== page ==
The age-old small print of investing warns that “the value of investments can go both up and down” and here at UK Investor we know there’s no such thing as a 100% sure bet.
One of the main reasons behind this is volatility – a measure of how steeply the market is rising or falling over a relatively short period of time, which can make it more difficult to predict the profit or loss you will make.
Volatility is often measured using the standard deviation of the return yielded by an investment, which in turn is a statistical method to calculate how widely spread (or how ‘volatile’) the individual prices are for a series of snapshots during the time period.
It is not just the percentage by which the value has fallen or risen over the past day or week, although news articles about rapidly moving stocks will often refer to them as “volatile” in those terms too.
Whatever definition you use, volatility is to be expected in anything other than a completely fixed-return investment, as any change in value immediately creates a volatility value of something other than zero – so it’s not necessarily something to fear.
How to cope with volatility
The overall volatility of the market – from individual stocks to the entire index – provides a useful rule of thumb indication of how much the value of the market is in flux.
Although greater volatility can make things harder to predict, it can also be a sign of short-term opportunity, as a more volatile market implies that at least some stocks are gaining value rapidly (unless the market is crashing).
For long-term investment strategies, higher volatility can be a good reason to hold on to existing investments, rather than risk selling in a volatile cycle where individual stocks may be substantially undervalued.
Because of this, for amateurs and professionals alike, it can sometimes be useful to resist the urge to sell up at the first sign of a spike in volatility, and instead plan to ride out the cycle until prices return to their long-term averages.
How to spot a volatile market
It’s usually quite easy to notice a volatile market even without calculating its standard deviation, by looking for some of the hallmark characteristics:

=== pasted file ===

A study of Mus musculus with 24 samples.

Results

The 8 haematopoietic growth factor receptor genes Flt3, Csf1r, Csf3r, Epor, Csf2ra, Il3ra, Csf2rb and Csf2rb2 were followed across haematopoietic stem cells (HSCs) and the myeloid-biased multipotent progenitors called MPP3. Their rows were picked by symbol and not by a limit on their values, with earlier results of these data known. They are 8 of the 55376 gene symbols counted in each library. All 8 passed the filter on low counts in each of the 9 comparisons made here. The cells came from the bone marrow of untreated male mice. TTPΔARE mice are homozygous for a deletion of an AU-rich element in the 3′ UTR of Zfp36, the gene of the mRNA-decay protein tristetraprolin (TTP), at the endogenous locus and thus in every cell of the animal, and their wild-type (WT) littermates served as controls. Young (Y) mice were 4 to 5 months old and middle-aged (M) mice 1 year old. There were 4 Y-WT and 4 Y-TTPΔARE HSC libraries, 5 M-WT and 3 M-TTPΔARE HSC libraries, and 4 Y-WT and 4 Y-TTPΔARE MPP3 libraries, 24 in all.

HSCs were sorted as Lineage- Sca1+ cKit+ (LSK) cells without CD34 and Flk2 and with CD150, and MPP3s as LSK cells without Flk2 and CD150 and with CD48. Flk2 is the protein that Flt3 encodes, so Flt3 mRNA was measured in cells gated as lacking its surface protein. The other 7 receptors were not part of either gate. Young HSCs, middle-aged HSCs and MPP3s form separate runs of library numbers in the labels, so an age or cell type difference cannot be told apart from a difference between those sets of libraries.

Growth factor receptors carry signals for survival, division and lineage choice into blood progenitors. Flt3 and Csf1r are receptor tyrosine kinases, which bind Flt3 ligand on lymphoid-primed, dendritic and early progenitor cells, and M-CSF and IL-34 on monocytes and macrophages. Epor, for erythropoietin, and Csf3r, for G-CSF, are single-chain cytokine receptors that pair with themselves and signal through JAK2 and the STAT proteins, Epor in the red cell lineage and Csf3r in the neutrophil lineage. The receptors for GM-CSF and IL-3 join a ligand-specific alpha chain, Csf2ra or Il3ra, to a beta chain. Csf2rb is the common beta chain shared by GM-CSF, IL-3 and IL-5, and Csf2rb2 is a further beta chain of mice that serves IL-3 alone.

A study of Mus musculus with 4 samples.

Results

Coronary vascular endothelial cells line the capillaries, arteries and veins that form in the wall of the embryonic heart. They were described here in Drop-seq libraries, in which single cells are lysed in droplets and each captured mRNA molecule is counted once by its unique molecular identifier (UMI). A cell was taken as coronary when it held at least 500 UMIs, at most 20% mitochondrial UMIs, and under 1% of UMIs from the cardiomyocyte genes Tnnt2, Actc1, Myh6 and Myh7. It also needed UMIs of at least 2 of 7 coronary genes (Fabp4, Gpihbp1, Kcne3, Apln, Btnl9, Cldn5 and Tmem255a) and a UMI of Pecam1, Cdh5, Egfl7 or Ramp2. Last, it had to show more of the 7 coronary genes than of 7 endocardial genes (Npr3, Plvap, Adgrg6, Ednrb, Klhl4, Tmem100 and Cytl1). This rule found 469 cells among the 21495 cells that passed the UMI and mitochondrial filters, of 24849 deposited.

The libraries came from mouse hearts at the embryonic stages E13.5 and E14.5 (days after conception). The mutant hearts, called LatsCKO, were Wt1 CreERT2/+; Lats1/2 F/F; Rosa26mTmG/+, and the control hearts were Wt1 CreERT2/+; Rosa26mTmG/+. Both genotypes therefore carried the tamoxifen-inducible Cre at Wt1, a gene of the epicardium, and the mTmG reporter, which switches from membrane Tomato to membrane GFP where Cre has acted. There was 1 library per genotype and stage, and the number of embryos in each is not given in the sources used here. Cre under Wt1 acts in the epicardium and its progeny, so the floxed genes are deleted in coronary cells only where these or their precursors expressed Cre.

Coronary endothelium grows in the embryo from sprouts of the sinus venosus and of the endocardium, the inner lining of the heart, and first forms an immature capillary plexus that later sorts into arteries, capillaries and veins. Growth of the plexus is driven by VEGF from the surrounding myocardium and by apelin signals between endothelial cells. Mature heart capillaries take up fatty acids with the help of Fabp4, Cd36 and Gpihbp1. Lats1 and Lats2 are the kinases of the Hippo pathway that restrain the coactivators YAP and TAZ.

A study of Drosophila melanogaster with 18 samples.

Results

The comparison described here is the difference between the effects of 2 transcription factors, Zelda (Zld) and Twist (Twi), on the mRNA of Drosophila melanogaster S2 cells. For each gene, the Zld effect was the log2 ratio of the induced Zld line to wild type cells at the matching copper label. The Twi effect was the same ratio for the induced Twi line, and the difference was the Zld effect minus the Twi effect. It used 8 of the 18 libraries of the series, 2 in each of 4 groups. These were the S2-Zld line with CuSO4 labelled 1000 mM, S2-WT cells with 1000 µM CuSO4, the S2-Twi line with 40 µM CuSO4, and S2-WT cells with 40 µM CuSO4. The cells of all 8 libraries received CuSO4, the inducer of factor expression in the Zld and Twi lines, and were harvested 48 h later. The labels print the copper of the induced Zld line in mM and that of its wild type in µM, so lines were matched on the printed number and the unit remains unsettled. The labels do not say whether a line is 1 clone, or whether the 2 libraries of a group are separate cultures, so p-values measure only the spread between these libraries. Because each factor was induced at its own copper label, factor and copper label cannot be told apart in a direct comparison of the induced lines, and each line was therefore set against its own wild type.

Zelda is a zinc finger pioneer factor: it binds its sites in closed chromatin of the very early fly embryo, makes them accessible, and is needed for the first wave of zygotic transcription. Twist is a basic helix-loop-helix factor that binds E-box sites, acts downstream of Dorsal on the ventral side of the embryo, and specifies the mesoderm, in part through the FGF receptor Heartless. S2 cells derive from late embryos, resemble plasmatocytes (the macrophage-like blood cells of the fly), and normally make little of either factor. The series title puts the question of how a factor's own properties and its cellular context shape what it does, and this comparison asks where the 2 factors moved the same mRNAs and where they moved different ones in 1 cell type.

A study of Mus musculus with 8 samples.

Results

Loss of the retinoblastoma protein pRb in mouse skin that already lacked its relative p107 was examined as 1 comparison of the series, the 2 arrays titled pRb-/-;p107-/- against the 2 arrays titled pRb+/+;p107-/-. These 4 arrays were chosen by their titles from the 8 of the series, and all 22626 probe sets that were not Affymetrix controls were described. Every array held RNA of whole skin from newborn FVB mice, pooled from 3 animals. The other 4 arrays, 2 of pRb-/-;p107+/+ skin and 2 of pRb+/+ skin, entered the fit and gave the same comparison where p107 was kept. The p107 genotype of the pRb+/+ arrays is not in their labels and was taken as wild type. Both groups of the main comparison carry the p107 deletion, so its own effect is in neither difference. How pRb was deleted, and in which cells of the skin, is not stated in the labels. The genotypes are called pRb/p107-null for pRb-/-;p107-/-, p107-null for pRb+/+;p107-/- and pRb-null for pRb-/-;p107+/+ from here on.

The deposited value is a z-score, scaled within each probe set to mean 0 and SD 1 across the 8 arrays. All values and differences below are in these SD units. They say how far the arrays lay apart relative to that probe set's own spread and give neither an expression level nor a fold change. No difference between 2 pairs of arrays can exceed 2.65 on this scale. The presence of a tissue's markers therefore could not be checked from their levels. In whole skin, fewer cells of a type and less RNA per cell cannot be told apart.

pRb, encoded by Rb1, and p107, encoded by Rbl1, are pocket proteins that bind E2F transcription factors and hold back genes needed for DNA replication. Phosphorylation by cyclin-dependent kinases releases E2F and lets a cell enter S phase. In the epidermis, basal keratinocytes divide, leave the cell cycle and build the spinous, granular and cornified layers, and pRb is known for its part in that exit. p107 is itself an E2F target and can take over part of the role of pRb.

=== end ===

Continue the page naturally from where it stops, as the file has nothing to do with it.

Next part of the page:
- Larger volumes of trading across the market.
- Trading biased towards either buying or selling.
- Wider and faster changes in prices of stock.
You may even be able to anticipate the onset of a volatile market by keeping aware of major financial reports from the biggest brand names on the market, as well as government reports that may introduce uncertainty into the market.
Sometimes though, the market just becomes unstable as a consequence of lots of individual trades all adding up to an unexpected shift in a particular stock.
Whether this is by coincidence or represents a collective change in sentiment among investors, it can trigger a spike in volatility with very little warning – making it very difficult in some cases to predict when volatility is going to increase for a specific stock or market.
Buying in a volatile market
Volatility by definition adds to the uncertainty of buying stocks, shares and other investments, so your investment strategy for a volatile market should take this into account.
You may want to be more careful about the level of risk you are willing to take on, or the amount of your total investment fund you place in a specific volatile stock; you might want to wait until the volatility level falls before you buy anything at all.
If, however, you see a company with strong long-term potential whose stock price has become undervalued due to volatility in the market, it may be a good opportunity to pick up some extra shares that will offer greater returns over the medium to long term.
Remember that volatility is often triggered by higher total levels of trading. This can lead to some delays as the backlog of instructions is cleared – and in a market where valuations are changing rapidly, that can affect the price you pay when your trade goes through.
In extremely busy periods, online trading platforms may load slowly, spottily or not at all, so if you want to capitalise on volatility, make sure you have an alternative way to execute trades, for example by telephone.
Ways to mitigate a volatile market
Limit orders, as their name suggests, are a way to limit your risk during a volatile market. For example, if a particular stock is at a good price but is not quite tempting enough, you may want to place a limit order on it.
A limit order is an order to buy/sell a certain number of shares, but only when they reach a specific price (or exceed it).
This means in a fast-moving market, if that value is achieved, you are less likely to miss out, but you also avoid selling shares while they are undervalued or at a loss.
Other than that, as suggested above, the best ways to mitigate a volatile market may be simply to keep out of it by holding on to your investments for the long term and not making any new purchases during high volatility.
Investing always carries an element of risk – and this can often translate into a higher rate of reward – but by keeping an eye on the volatility of markets, you can help to decide when the risk level is just too high to take the chance.
Disclaimer: The information provided here is not investment, tax or financial advice. You should consult with a licensed professional for advice concerning your specific situation.